I’m Ron Gayer. My buddy, Rodney, who owns a precious metals business, and I partnered to produce and market the official medallion for the Oregon Trail Sesquicentennial (150th anniversary.) We produced the medallions in 1oz silver, 1/10oz gold, hand painter silver, bronze, key chains in bronze and antiqued bronze and myrtle wood boxes in the shape of the State of Oregon and a covered wagon (with the bronze medallions inset as wheels.) We put together an offering of one product brand after another.
Vision: I was doing all the selling, and while we had a bunch of products, I thought it would be cool to have other, non-medallion, products to sell into this niche (souvenir outlets). So I started reading about the Oregon Trail experience – discovered it was quite dusty, actually making the journey west a lot more uncomfortable than it was already.
A geologist from a local university told me that the dust was unconsolidated volcanic ash from Mount Mazama (now known as Crater Lake) that had rained down over the entire northwest. He told me where, more or less, I could find it. I took a very long (about 11 hours) drive out to the eastern edge of Oregon, took a turn into the middle of nowhere, south of Ontario, and eventually found the stuff.
I had been told that Oregon Trail trail dust looks like and has the texture of a light brown baby powder and I found myself in the middle of a huge area of light brown “sand.” I filled a number of containers with the stuff but the texture seemed too grainy to be “dust.” Having spent so much time getting to it and not feeling confident that this was what I came to find I drove on and stopped at another random place in this vast inland beach.
I walked around wondering how I could determine what trail dust really looked like, thinking that I needed a sign before the branding could begin.
Out of frustration, I petulantly kicked the toe of my boot into the earth. A cloud of light brown dust rose from the ground right up to eye level. I thought “If that's not a sign I don't know what would be.” I dumped the previously filled containers and refilled them with what I now was confident was the genuine unconsolidated ash – Oregon Trail trail dust. (I actually had to go back later that year to get a truck-load of the stuff!)
Persona/Packaging: We found some small bottles, corks to fit them and wrote the story for the hang tag. We invented the product brand as we went along.
I asked the major merchandiser for the Sesquicentennial celebration, Made In Oregon, if I could use the beautiful six-color labels they wanted placed on all of the official celebration product containers. They said OK.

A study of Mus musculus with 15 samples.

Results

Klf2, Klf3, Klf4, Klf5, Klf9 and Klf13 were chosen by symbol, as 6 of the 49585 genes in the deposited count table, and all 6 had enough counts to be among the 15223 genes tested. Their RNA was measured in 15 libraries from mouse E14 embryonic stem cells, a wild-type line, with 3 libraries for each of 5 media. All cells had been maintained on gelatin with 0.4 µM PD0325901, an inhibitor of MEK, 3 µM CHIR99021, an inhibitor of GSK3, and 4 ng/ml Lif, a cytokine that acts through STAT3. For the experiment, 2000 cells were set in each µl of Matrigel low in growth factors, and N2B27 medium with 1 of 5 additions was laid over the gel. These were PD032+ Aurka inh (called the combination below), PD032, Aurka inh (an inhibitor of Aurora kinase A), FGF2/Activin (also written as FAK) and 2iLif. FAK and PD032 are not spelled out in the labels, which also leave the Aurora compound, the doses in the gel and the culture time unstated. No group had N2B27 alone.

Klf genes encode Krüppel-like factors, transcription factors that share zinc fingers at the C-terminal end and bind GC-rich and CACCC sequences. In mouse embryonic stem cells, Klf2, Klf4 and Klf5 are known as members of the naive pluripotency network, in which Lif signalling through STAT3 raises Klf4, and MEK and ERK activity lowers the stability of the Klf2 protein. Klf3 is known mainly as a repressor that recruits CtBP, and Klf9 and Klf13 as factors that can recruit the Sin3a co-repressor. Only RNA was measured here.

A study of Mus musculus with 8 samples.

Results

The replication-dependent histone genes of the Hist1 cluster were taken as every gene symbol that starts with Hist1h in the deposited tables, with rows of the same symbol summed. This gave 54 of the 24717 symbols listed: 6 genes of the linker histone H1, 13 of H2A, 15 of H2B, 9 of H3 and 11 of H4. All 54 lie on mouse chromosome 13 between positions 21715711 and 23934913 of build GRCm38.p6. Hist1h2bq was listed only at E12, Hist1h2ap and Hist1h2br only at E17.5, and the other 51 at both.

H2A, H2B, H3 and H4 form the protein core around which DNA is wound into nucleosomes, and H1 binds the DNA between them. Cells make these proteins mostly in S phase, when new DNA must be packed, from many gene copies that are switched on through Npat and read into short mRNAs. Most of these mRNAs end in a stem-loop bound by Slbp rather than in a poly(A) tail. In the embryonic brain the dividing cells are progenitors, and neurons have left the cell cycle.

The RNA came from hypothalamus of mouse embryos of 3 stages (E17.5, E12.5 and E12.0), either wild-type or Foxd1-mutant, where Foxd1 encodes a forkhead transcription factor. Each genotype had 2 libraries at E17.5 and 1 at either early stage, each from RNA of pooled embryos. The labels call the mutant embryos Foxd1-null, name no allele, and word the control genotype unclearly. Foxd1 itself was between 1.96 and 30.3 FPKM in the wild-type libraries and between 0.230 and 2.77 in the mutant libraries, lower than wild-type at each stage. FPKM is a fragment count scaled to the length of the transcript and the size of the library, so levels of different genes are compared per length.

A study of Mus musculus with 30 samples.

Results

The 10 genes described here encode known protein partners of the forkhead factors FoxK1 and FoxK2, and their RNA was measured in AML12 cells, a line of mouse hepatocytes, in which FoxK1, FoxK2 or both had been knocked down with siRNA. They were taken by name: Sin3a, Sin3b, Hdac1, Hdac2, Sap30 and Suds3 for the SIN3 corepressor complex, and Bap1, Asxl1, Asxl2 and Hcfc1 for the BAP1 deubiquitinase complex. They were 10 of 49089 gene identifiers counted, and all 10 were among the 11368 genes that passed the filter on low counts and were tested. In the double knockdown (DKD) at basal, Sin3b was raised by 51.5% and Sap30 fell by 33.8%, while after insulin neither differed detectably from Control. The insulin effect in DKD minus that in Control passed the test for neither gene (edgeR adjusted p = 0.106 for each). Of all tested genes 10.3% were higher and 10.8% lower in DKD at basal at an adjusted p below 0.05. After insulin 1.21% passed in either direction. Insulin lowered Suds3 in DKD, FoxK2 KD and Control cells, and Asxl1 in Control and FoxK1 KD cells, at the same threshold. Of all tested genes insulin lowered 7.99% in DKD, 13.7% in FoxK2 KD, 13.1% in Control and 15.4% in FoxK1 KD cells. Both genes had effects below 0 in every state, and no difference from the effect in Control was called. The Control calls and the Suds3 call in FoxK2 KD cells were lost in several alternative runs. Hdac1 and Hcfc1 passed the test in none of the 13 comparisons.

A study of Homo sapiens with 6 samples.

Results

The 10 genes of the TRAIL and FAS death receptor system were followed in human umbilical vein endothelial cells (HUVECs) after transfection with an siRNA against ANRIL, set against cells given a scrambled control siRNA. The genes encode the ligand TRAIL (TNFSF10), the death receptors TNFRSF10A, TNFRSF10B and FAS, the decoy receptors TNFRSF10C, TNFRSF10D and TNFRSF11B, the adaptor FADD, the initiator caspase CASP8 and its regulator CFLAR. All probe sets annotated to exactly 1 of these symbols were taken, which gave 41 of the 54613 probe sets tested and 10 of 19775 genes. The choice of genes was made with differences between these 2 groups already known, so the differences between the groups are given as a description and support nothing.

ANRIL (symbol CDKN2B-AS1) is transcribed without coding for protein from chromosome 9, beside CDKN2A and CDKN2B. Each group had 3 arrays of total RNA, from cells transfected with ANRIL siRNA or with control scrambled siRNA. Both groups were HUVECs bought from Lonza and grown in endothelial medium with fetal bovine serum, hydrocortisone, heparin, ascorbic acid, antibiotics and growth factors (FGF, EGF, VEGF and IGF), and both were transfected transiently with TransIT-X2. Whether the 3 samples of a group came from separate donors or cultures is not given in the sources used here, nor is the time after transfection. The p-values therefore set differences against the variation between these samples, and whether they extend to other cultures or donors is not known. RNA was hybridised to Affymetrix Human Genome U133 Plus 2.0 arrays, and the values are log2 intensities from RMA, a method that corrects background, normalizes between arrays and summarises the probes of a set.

I had a pretty cool product without having to spend the thousand-plus dollars on design and production of labels – which I eventually had to do for branding all the subsequent products.
Line extensions: A number of the products following trail dust failed, some right out of the blocks, some over time, but a few did quite well.
I had the workforce at Goodwill doing the filling, labeling, putting the hang tags on the Trail Dust product. The workers seemed to enjoy having a project that they could do all of the work on, start to finish, as opposed to doing something over and over again to a single part. We sold thousands of Trail Dust bottles during the run of the celebration. It was a great product brand.
Spin Tools/ PR: I even got all four local Portland TV stations to do stories on this “pet rock” type of branding. They featured my teenage girls in these TV stories as my work force, which they were for a little while after Goodwill decided to take on on a more lucrative project.
Mount St Helens ash came next. It's the only reason I still do this bottle business. To date I've sold about 150,000 of these bottles. It's still one of the best-selling items in most of the visitor centers around the mountain. My products are also carried by Made In Oregon and Made In Washington. Beyond the small ash bottles I also produce and sell a larger ash/timber/pumice product called Blowdown; it speaks to the rebirth of the once devastated area around Mount St Helens. I also have a four-ounce potpourri bottle product that helps me get rid of the roses I grow.
I enjoy creating new products but have yet to hit a home run with anything. It would have been great to create a product brand that lets me retire. On the other hand, these helped put my girls through college and every year thousands of people purchase products that I created and I get to work with some really nice people at the visitor centers and other stores.
Time In A Bottle is not a big money maker. It does, however, give me the opportunity to watch TV, have a drink and make a little money all at the same time as I package the product for new orders. Oh, and I get to expense part of my home for tax purposes.